By JEFFERSON MEMORIAL FOREST STAFF
Jason Nally, Private Lands Biologist with the Kentucky Department of Fish and Wildlife Resources gives us a synopsis of the problem: “Feral hogs, also known as wild boars, originate from either escaped domestic pigs or transplanted European boars,” Nally said. “The problems caused by these hybridized hogs are well known in many areas of the United States, but have only recently started to cause problems in Kentucky. ”
Feral pigs can cause extensive damage to forestland, crops and pastures. They will eat just about anything and can readily out-compete native wildlife for food. In addition to eliminating food sources for deer, turkey and small game populations (acorns), feral pigs can decimate frog and snake populations, will devour the nests of ground nesting bird species, and have been documented to eat deer fawns.
Feral pigs carry a host of diseases, such as swine brucellosis and pseudo rabies that can affect pets, livestock, wildlife and humans. Sows can produce two litters a year with up to 13 piglets in a litter, a characteristic that is economically beneficial when pigs are raised as livestock. However, this reproductive productivity can cause local feral pig populations to quadruple in a year’s time if they are not actively managed. Pigs are omnivores and the rich woodlands of the Jefferson Memorial Forest offer a smorgasbord for these free roaming nuisances.”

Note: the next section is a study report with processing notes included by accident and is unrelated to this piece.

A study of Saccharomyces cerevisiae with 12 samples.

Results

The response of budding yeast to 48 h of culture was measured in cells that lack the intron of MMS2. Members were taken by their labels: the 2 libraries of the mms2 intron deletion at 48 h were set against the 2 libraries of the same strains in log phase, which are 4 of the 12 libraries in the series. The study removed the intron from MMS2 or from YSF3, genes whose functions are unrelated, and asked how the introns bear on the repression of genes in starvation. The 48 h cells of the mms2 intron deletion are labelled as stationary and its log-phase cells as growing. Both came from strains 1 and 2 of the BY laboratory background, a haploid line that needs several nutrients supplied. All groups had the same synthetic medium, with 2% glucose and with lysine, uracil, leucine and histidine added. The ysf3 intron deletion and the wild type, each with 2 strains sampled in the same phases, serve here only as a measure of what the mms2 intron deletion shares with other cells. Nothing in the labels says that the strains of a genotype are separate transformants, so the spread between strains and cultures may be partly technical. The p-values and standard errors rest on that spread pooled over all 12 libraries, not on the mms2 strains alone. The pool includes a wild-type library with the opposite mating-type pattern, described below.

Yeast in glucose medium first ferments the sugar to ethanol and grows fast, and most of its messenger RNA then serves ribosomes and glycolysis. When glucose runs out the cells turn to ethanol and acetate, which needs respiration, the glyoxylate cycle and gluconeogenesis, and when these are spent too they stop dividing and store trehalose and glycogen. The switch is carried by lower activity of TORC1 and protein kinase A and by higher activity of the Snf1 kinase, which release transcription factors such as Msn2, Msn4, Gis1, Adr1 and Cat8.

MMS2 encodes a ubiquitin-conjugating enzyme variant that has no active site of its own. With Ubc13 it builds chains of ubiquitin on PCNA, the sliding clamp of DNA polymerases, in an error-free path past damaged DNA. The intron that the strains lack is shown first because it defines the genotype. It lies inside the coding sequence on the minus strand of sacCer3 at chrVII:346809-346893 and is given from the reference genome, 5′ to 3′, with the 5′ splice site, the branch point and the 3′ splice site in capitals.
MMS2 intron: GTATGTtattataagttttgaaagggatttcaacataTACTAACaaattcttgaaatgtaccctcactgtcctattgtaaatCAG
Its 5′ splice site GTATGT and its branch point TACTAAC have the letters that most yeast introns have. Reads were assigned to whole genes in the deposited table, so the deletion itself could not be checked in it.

Feral hogs have long been a problem in other parks and forests throughout the region. Bernheim Forest has been working to manage the problem for several years now, and the Smokey Mountains National Park has been working to manage the problem for a very long time. Indications from KDFWR are that it is unlikely that we will be able to completely eliminate every wild hog in Jefferson Forest.
Currently we are trying to manage the problem through a program of trapping along two of the locations where they were seen last year. If you see feral hogs in the area, please report them to Jason Nally at (270) 805-1080.